March 5, 2021, Santa Rosa Beach, Florida, USA
In academia the contrast is clear; you have the world of the academy and you have the real world. It seems like yesterday, oh how the years fly, that I walked out of my place of work, the Bank Leumi Trust Company of New York and happened to bump into one of my favorite professors, Prof. Moshe Ballabon of Baruch College.
I liked him very much, such a fine English gentleman, how lovely to see him again. He inquired as to how I was doing in the "Real World" of banking and economics. I told him it was a far cry from our lessons in school. Whereas in the university we were assigned complex economic problems and told that we are Chief Executive Officers of major international corporations, in the real world I was performing mundane routine tasks, such as opening bank accounts and transferring money. I can still picture his calm delightful smile, ah yes, I too tried the real world once as a young man, I did not care for it much so I returned to the university to pursue my doctorate, and a career in academia. I am much happier in this world. (give or take, that was his message, but he probably said it more elegantly than I can).
Yes, indeed, he spoke the truth. Little did I know, back during that lunch break in 1989, how relevant those words would be to my true calling, not as an Economist, but as a Krav Maga Self Defense instructor.
As the professor pointed out there is a difference between the class room and the real world. I recall another wise professor telling us the following message: a plumber finishes his course and can go fix a toilet. You guys are prepared for nothing but for being able to learn something. i.e. we were not ready to work, we were only ready to begin to learn about the reality of business and economics.
The distinction between the world of Academia, the world of philosophy, is very different from the Dog eat Dog world of business. That is why professors rarely make good businessmen. There is a similar distinction between dojo martial arts training and surviving real brutal violent attacks, and yet most (nearly all) martial arts academies do not deal with this issue.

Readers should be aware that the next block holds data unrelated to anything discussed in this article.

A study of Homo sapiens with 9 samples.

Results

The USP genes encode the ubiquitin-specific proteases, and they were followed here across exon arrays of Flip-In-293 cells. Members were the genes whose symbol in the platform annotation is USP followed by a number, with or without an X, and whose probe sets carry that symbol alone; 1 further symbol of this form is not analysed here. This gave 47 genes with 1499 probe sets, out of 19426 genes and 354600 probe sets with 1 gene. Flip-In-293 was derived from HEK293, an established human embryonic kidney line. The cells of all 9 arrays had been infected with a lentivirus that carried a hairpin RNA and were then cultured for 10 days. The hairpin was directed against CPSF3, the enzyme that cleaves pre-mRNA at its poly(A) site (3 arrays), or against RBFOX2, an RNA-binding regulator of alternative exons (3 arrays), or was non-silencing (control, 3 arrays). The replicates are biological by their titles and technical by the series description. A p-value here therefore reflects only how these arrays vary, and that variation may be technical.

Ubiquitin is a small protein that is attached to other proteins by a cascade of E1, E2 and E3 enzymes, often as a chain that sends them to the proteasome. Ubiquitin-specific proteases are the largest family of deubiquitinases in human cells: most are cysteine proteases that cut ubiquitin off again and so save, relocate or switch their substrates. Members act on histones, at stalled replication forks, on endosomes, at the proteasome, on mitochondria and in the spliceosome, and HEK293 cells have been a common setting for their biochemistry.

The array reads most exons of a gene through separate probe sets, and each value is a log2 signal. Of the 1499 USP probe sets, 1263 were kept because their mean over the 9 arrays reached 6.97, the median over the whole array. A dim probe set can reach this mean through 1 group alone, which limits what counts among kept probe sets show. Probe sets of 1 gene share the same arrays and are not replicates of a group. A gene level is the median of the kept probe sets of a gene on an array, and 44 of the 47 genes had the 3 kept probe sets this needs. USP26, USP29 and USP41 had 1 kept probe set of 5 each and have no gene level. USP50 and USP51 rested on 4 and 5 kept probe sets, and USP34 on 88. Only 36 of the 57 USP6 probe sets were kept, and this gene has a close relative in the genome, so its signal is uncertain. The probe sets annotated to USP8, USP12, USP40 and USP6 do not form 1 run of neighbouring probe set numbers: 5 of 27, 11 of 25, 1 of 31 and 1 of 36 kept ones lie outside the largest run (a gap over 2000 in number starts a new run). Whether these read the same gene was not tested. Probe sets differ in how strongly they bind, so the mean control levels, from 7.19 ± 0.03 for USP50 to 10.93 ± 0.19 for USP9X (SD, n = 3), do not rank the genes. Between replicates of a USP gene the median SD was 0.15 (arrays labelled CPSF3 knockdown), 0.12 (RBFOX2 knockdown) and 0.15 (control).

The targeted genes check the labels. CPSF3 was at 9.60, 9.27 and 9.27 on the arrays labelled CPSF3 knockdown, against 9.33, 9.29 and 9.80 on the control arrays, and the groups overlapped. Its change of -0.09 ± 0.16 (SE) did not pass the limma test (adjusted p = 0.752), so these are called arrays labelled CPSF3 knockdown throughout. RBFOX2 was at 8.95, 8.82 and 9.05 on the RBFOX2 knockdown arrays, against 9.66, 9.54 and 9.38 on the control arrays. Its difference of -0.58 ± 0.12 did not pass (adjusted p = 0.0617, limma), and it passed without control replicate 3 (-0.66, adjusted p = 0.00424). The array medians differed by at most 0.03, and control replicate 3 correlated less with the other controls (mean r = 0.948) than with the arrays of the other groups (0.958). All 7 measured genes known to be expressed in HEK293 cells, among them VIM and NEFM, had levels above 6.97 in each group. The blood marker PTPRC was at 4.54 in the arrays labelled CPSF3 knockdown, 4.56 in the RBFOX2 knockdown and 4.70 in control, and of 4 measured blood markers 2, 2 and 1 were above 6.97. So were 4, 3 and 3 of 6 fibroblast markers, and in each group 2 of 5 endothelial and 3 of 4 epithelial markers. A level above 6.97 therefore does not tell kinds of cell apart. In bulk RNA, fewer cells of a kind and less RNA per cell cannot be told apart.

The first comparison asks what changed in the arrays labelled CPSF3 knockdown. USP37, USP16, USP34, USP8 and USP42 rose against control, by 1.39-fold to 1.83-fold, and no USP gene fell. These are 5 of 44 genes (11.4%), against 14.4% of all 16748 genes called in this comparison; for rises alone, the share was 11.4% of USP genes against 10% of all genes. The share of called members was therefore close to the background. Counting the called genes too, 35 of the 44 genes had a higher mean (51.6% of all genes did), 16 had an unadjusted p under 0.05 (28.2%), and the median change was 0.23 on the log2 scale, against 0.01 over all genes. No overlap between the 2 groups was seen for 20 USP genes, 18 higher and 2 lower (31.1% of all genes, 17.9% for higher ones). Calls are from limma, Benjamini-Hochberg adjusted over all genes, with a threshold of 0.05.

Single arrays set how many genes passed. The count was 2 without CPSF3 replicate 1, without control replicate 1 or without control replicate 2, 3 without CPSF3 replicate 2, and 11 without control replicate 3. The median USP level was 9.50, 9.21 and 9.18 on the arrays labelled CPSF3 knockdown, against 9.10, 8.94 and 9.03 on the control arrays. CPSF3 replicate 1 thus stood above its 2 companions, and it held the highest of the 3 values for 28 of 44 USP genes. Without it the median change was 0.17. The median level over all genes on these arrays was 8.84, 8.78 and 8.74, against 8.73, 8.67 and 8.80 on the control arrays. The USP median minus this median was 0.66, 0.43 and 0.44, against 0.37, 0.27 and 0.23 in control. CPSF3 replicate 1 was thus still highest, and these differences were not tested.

Training is all physical. There is no discussion of psychology. There is no attempt to understand the mindset of the criminal, or gang member. Hardened street criminals are "played" by compliant friendly dojo classmates. The real world is treated as if it is made up of your classmates.
Some schools will "go hard" now and then, but that is not what I am talking about. I am not talking about making it more challenging physically, I am not talking about revving up the physical challenge. Being more fit is not a crucial factor on the street, though it may help. Understanding violence, aggression, street "ethics" is more important. Plenty of college athletes have been killed in common holdups, you are die prettier.
Sometimes I can be a little "mean" during class or a seminar. I only wish to wake people up from their "Pleasantville" or Pleasant Valley Sunday, to the harsh realities of life outside their comfort zone. I want them to understand what they are facing.
In the film, "the Best of the Best", the coach, played by the brilliant actor James Earl Jones, is accused of being too harsh on this martial athletes who are preparing to compete in Korea. He responds by saying...I have been there, I have faced these athletes, I know what are team is up against, but they have no clue.
He wants them to succeed. He knows how to get them there, but first they must wake up.
Without an understanding of the harsh reality of the real world, I believe most martial arts training is pretty much useless. I look back at the many techniques that I learned from many great and wonderful high-ranking martial arts and I believe that no one in the history of martial arts has ever used these techniques successfully on the street. They are Academia martial arts. The fact that the instructor may have served in the military does not automatically validate a technique. It has to work for us, under pressure, and we must understand what real pressure means.
I often create an imaginary opponent. I will say..."His mother is a prostitute, his father...anybody's guess, his uncle was killed in a gang fight, his older brother is in prison. He joined a gang at the age of 9. Stabbed a man to death at the age of 10. Shot a man at the age of 12 and now he has 19 kills to his name. Do you think he will hesitate to shoot you? Do you think you can say, Hey man, take it easy, and then fool him with a self defense technique? I think not. We need to understand this. He has every advantage, we have almost none .This is our starting point.
Once we understand this, we can begin our training, and it will look very different. Training is not only physical.